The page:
Intel has denied claims that it was hacked and suggested that leaked data may have been downloaded and shared by someone with access to it.
Intel has confirmed that it is currently investigating a breach that resulted in 20GB of internal documents being published online.
According to ZDNet, many of the files, which were uploaded to cloud storage and file-sharing platform Mega, were labelled as ‘confidential’ or ‘restricted secret’.
The data was published by Swiss software engineer Till Kottmann, who claims to have received the documents from an anonymous hacker who allegedly breached Intel earlier this year.
Kottmann runs a popular Telegram channel where he regularly publishes data that has accidentally leaked online from major tech companies through misconfigured Git repositories, cloud servers and online web portals.
The breached data
Kottmann announced the release of the documents on Twitter yesterday (6 August), writing: “Most of the things here have not been published anywhere before and are classified as confidential, under NDA or Intel restricted secret.”
Intel exconfidential Lake Platform Release 😉
This is the first 20gb release in a series of large Intel leaks.
Most of the things here have NOT been published ANYWHERE before and are classified as confidential, under NDA or Intel Restricted Secret. pic.twitter.com/KE708HCIqu
— Tillie 1312 Kottmann #BLM ???? (@deletescape) August 6, 2020
Working with security researchers, ZDNet confirmed that the leaked data is authentic and relates to the company’s intellectual property from the internal design of chipsets, with technical specs, product guides and manuals for CPUs dating back to 2016. The leaked data does not appear to contain any sensitive data about Intel customers or employees, ZDNet added.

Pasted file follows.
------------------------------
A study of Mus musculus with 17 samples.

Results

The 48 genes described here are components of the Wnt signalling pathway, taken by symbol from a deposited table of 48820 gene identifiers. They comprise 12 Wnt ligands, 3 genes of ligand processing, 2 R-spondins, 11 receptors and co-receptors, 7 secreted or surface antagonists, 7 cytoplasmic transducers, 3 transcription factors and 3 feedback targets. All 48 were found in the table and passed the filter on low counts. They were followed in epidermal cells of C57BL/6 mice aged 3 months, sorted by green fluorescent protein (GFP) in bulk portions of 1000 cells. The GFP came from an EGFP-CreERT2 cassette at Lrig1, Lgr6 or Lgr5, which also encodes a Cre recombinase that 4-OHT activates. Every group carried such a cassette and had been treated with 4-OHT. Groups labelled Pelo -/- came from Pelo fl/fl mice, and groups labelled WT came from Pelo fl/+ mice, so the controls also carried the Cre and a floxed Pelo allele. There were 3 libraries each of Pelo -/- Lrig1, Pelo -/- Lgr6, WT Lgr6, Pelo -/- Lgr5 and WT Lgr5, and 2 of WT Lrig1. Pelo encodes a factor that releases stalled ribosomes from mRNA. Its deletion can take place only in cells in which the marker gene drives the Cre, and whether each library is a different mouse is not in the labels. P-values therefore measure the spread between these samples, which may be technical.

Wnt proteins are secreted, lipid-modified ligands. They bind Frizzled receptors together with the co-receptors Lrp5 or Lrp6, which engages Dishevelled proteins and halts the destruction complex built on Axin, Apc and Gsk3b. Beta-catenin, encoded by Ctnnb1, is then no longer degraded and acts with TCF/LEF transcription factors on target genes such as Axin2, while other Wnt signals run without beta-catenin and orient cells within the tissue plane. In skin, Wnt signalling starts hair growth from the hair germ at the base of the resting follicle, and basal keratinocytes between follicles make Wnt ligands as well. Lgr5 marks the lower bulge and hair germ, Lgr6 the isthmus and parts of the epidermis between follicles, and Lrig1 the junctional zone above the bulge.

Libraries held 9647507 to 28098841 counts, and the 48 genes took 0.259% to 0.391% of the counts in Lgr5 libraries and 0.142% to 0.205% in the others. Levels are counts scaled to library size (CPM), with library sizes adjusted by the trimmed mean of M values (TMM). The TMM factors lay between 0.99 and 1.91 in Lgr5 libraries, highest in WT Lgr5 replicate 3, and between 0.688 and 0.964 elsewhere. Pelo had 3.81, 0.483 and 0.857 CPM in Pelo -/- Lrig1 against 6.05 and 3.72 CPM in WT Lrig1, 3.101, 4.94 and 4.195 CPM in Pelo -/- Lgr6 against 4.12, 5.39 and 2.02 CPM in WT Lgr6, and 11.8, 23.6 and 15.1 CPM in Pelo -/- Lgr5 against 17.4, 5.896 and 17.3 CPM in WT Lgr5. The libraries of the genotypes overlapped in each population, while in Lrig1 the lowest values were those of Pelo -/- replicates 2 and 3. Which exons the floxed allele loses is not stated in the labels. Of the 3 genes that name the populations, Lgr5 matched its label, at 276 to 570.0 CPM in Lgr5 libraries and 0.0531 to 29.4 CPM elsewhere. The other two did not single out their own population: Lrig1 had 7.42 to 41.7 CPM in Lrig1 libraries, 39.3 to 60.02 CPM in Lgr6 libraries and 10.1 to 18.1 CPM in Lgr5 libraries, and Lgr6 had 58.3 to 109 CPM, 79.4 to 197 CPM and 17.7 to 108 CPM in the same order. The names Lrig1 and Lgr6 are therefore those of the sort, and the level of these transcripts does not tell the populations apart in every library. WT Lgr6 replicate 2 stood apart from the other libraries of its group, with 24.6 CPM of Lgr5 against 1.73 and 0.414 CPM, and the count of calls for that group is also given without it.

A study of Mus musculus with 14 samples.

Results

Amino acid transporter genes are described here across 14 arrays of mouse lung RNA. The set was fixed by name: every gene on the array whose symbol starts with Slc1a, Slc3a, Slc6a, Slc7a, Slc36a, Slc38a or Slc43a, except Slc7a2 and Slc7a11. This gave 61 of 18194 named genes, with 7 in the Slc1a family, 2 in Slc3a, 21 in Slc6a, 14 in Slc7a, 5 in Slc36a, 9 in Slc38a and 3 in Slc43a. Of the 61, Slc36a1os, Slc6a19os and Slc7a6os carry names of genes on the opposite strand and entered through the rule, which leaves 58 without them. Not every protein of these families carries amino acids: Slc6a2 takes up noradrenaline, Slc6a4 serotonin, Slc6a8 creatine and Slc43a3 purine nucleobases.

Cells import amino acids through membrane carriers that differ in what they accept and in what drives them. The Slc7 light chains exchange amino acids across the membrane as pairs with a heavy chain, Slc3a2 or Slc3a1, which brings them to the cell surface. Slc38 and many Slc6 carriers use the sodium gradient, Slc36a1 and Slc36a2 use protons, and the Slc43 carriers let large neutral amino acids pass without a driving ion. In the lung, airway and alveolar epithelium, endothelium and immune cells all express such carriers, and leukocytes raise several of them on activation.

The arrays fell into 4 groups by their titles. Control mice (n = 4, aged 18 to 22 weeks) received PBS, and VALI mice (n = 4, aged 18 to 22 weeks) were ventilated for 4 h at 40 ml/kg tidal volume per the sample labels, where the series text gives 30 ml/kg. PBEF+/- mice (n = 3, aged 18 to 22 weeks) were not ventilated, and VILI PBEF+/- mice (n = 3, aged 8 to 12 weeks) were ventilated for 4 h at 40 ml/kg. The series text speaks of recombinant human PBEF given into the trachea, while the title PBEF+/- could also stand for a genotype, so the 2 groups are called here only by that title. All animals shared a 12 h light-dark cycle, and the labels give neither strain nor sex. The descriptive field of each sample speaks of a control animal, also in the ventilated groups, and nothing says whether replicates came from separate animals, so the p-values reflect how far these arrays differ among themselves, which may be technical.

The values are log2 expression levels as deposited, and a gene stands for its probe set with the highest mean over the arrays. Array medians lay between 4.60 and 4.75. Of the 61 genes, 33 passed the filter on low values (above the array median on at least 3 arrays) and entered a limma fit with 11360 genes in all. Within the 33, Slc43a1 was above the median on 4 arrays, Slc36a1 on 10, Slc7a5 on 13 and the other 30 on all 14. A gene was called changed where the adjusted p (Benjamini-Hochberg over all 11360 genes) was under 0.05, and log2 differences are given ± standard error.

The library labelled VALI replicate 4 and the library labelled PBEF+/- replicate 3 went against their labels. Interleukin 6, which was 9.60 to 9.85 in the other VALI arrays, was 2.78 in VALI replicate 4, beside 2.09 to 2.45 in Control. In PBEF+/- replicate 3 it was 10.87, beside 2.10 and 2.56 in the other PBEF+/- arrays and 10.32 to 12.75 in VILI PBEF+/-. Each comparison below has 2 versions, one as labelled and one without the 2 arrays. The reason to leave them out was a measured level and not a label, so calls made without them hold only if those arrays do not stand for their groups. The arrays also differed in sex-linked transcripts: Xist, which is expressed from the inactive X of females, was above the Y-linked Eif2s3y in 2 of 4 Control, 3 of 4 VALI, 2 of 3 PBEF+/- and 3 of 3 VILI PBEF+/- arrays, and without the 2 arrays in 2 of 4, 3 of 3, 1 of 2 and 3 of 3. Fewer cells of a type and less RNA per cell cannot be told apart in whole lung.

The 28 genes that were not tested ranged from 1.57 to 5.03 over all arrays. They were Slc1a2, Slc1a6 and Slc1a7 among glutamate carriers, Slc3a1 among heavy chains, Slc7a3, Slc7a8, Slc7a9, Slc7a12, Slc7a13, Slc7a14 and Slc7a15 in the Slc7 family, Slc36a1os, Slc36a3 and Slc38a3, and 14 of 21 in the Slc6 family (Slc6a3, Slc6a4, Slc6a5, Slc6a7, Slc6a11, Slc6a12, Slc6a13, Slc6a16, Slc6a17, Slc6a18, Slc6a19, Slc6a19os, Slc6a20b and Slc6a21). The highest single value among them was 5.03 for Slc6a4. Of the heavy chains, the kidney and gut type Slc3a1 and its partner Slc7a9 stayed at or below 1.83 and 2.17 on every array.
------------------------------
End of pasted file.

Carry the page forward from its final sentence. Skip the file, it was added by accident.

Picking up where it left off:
Kottman said that the recent leak marks only the first stage of a series of Intel-related leaks. The Swiss software engineer shared a copy of a conversation between him and the alleged hacker, which claimed that the data was obtained through an unsecured server hosted on the Akamai CDN.
In response to ZDNet’s report, Intel denied that it was “hacked”, disputing Kottman’s claim and suggesting that an individual within the company may have downloaded the data without authorisation.
In a statement, Intel said: “We are investigating this situation. The information appears to come from the Intel Resource and Design Center, which hosts information for use by our customers, partners and other external parties who have registered for access. We believe an individual with access downloaded and shared this data.”